The first time I fed Anna a baby spoon’s amount of yogurt she was five months old and I panicked that she would throw up forever. Dairy allergy, said my wise, bow-tied pediatrician. He assured me that Anna would grow out of her exorcising ways when she ingested any dairy. Almost all babies do. But not my girl. She had the real deal—a milk protein allergy. No milk, no cheese, no cure.
A dairy allergy is not in the running for the worst health problem that can happen to a kid and for that I have always been grateful. But monitoring your kid’s diet is fatiguing. Vigilance is exhausting. Anna’s reaction to even the smallest trace of dairy in a piece of bread, for example, brings on hot red hives all over her body, a lot of vomiting and a bit of asthma that compromises her breathing just enough to freak me out. But these days my girl—a young woman really—wants to be a doctor and can advocate for herself when she orders from a menu.
Anna has a kindred spirit in Sandra Beasley—a poet and a highly allergic person who recently published a charming book called Don’t Kill the Birthday Girl (http://www.amazon.com/Dont-Kill-Birthday-Girl-Allergic/dp/0307588114/ref=sr_1_1?s=books&ie=UTF8&qid=1325306632&sr=1-1) that was part memoir, part handbook detailing her life-threatening food allergies and the ways in which she coped. As she writes, she “experiences the world in a slightly different way.” But Beasley is anything but gloomy about her situation. She is a warm and lively guide to the quirky world of allergies. And she’s determined not to tell “the story of how we [the allergic] die…[but] the stories of how we live.”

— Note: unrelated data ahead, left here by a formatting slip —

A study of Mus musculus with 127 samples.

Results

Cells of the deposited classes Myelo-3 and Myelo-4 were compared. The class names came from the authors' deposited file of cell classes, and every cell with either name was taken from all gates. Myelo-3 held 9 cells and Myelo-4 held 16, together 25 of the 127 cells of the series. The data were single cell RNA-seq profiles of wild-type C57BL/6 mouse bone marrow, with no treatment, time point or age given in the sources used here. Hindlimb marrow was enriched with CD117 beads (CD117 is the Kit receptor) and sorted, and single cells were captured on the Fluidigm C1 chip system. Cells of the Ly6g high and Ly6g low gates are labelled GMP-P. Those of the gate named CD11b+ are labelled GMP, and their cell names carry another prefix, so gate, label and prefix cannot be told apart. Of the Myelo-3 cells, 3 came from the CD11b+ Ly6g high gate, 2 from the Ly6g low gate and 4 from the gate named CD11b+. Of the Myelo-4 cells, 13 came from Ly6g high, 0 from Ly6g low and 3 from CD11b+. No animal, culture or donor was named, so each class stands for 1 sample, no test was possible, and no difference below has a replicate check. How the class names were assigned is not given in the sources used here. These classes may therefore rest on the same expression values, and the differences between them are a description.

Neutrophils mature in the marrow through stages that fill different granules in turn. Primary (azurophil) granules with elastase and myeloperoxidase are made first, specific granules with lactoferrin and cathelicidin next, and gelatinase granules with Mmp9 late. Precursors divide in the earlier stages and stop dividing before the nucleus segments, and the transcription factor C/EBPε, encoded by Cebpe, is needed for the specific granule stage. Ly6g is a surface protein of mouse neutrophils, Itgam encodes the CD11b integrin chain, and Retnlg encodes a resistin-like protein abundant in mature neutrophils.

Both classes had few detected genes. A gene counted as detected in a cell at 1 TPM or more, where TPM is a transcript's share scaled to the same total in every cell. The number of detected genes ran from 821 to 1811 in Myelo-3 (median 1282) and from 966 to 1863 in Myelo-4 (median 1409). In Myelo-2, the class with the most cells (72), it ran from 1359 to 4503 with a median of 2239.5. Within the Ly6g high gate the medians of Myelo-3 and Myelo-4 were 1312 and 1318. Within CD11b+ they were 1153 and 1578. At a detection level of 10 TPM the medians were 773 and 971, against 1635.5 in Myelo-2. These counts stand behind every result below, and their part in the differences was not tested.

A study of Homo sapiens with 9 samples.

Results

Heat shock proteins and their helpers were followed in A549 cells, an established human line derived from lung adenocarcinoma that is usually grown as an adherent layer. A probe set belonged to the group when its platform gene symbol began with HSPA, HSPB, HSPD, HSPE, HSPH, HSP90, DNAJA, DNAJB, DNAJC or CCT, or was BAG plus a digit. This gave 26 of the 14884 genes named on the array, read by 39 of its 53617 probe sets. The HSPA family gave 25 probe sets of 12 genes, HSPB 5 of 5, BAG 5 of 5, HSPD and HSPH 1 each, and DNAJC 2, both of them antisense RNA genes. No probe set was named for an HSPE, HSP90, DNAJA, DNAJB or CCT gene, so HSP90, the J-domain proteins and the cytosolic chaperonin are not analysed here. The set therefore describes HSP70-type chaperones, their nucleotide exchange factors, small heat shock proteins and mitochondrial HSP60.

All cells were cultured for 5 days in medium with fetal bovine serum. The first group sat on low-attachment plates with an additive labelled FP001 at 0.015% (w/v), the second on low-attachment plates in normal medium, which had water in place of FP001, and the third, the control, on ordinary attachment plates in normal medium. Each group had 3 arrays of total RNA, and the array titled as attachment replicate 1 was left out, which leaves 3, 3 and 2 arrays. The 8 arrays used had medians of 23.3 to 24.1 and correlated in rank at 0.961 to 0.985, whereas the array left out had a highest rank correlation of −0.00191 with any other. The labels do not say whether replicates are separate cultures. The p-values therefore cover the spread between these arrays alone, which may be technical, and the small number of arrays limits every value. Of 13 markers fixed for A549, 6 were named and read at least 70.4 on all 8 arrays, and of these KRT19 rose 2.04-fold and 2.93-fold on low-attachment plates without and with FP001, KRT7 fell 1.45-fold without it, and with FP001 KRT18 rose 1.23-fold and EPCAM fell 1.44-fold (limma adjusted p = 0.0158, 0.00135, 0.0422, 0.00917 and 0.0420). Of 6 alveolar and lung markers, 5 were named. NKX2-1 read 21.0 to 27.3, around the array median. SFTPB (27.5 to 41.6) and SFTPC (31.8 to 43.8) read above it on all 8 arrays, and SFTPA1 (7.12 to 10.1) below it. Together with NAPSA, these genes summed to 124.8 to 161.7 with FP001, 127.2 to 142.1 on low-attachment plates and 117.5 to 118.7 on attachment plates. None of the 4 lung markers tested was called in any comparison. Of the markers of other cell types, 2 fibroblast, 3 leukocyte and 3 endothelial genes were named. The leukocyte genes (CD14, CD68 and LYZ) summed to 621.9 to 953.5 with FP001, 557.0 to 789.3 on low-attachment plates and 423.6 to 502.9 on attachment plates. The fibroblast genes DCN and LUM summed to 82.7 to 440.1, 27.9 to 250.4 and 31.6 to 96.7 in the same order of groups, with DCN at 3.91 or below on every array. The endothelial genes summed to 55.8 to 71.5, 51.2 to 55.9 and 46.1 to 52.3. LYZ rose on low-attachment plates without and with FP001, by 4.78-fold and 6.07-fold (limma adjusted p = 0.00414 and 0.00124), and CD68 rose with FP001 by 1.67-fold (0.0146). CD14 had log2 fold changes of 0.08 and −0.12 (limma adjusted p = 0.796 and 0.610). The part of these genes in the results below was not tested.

More than 12 million Americans live with actual food allergies. I’m willing to bet that those allergies extend to the lives of more than 50 million Americans, including those who invite a person with food allergies to dinner.
Beasley is spot on when she morphs from food outcast to hapless birthday girl who can’t eat her own cake. Children’s birthday parties are minefields for the highly allergic child. One person’s butter frosting can be another person’s poison. Eggs, whey, walnuts, dairy-laced margarine — all of those ingredients and more can be lurking in a bakery cake.
Over the past decade there’s been a lot of research in and public awareness of food allergies. Yet for all of the consciousness raising, allergies are still too often dismissed as psychosomatic or as one study brushed off, a catalyst for “contagious anxiety.” Despite the skeptics, allergy awareness won a crucial victory in 2009 when Massachusetts passed the Food Allergy Awareness Act.
Ming Tsai, celebrity chef and owner of the Blue Ginger restaurant (http://www.ming.com/blueginger.htm) in Wellesley was one of the bill’s most vocal and effortless supporters. His own young son’s food allergies and the restaurants that refused to serve the boy initially inspired Tsai’s activism. The Massachusetts bill requires all restaurants to display a poster listing the “big eight” allergens in their kitchens along with reaction symptoms and emergency protocols.
Tsai’s ultimate goal is to accommodate restaurant patrons’ allergies across America. Anyone who walks through the door of a restaurant is entitled to safe kitchens, chefs and servers who understand the importance of meticulous food preparation. Eating safely at a restaurant is about access and access, says Tsai, is a basic civil right.
My family recently took me to Blue Ginger for me birthday. We asked Tsai to come over to our table so the four of us could thank him for his tireless lobbying on behalf of food allergy awareness, for lobbying, really, on behalf of Anna, his son and the people who love them.